Homegirl London pays homage to Lush Designs. After meeting in the 80s on a Fine Art Paintings and Printmaking degree course, Marie Rodgers (right in picture) and Maria Livings (left in picture) have been the best of friends ever since. They’ve had a few interesting business ventures which led them to become Lush Designs, the company known for their colourful, doodle-style illustrations depicting magical scenes of animals frolicking in enchanting forests and bright, bold vegetables. They make an adorable range of home accessories; lampshades, cushions, clocks, tableware, aprons, napkins, oven gloves, tea towels, fabrics and greeting cards, plus some fashion accessories; bags and scarves. I caught up with Marie and Maria to ask a few questions …
Q: How did you meet?
A: We met at Art School where we were both studying Fine Art, painting and printmaking. Marie was a blonde Irish dolly with a pink spotty dress, covered in paint and I was a lass from the Pennines, dressed in a hairy black sweater with eyebrows to match. Marie’s rendition of ‘Lord of the Dance’ in a student pub sing-song is legendary, however, our folk-dancing in the studio with accompanying whoops didn’t go down well and complaints were made.
Lush Designs Tableware
Lush Designs Kitchen Accessories
Q: What made you decide to go into business together?
A: We didn’t so much decide to go into business, rather the business evolved from our creative collaborations. Lush Designs is a print-based homewares company now, but we have been ‘Jugnost’ a performance art group, ‘Rodgers and Livings, Artists to the Stars,’ then ‘Lushlobes,’ makers of slightly ridiculous costume jewellery. Our latest evolution shows a return to the narrative ideas, drawing and colour that we love, expressed in print. The name Lush Designs comes from our former identity as Lushlobes.
Q: How do you divide your roles within the business?
A: Marie’s teenage Saturday job at a bookies equipped her with the money-juggling skills she needed to look after a small business and my youthful enterprises included painting portraits of my Dad’s friend’s dogs for pocket money. Marie looks after the distribution, the money and runs the studio. I make the artworks, deal with the technical side of printing and work in the shop. We both do the drawings and work on ideas together.
Q: What was your first lucky business break for Lush Designs?
A: We’ve been in business a long time and it’s been a very gradual ascent up the slippery slope to success! I think we’re lucky to have met each other and been such great friends for so long. We’re also lucky that the inspiration has never dried up. We were very fortunate this Summer in that the Olympic Equestrian events took place in Greenwich Park very near our Greenwich shop. We met every horse-loving person in the universe and most of them bought one of our Dressage-themed products.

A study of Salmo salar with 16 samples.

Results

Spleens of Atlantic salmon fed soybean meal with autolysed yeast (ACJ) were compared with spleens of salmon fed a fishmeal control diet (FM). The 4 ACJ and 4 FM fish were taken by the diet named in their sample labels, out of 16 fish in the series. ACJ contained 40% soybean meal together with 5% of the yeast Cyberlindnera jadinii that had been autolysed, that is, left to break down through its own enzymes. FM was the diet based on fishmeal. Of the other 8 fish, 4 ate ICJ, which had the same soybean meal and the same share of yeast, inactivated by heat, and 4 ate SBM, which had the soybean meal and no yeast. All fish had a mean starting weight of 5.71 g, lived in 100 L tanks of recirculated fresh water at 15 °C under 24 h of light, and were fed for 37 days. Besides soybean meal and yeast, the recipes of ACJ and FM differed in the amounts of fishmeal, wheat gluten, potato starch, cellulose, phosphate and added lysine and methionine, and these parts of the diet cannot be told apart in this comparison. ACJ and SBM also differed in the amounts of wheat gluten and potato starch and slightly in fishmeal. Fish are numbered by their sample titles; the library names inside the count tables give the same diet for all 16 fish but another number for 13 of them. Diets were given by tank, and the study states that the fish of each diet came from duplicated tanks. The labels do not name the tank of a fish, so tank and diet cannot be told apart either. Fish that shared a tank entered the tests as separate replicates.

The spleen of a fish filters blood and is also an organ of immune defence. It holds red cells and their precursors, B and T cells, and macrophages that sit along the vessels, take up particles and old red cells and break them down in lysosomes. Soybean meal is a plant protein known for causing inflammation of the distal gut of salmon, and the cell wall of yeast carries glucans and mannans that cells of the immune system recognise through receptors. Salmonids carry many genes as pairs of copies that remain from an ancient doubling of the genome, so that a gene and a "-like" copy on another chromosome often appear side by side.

Q: Where do you draw your design inspiration from?
A: I think inspiration flows when you make visual images yourself and look at the world and what’s happening in it, one idea leads to another and the process of researching an initial idea soon shoots off in all sorts of directions. We look at books and Google images of course, but I was looking at my daughters’ photos on my computer the other day and she’d taken a photo of an amazing piece of 18th-century glasswork that looked like a sea creature made from spun sugar, amazing! Ideas often pop into our heads when we’re running, cycling or walking the dog. The trick is to catch them and tie them down before they float away.
Lush Designs Home Accessories
Q: What’s your fascination using animals and foliage in your designs?
A: Plant forms are incredibly beautiful; it’s little wonder that they’re often used in printed textiles and decoration. Animals too are quite a traditional subject in an illustrative print, so we’re not really doing anything new there. It’s important to look at the real thing though, we’re not interested in producing identikit motifs, they’re there to tell a story and they must retain their animal qualities. We also love buildings and even people; our new Bee Garden design has beekeepers and hives as well as swarms of bees and psychedelic plants. Our interest in bees is a result of observing them in the garden. Our new Civet Design bone china coffee cups and plates celebrate that most curious creature, the palm civet, from whose poo digested coffee beans are extracted and made into (apparently) delicious coffee.
Lush Designs Bee Garden Cushions
Q: What’s coming up for the rest of 2013?
A: In 2013 we’re opening another pop-up shop in Columbia Road. We’ll be there for six months and we’re really looking forward to retailing on one of the coolest streets in London. We’re working with pottery in Stoke on Trent who will be making some lovely lamp-bases; it’s great to be designing in 3D for a change. We’re also hoping to expand our bedding and textiles ranges, having found wonderful UK manufacturers we’d be mad not to.
To find out more about Lush Designs take a look at their website Lush Lampshades. You can also visit their shop based at 8 College Approach, Greenwich, London SE10 or the pop-up shop mentioned above. Credits: text by Homegirl London, images courtesy of Lush Designs, special thanks to Marie Rodgers, Maria Livings and Patricia Gill.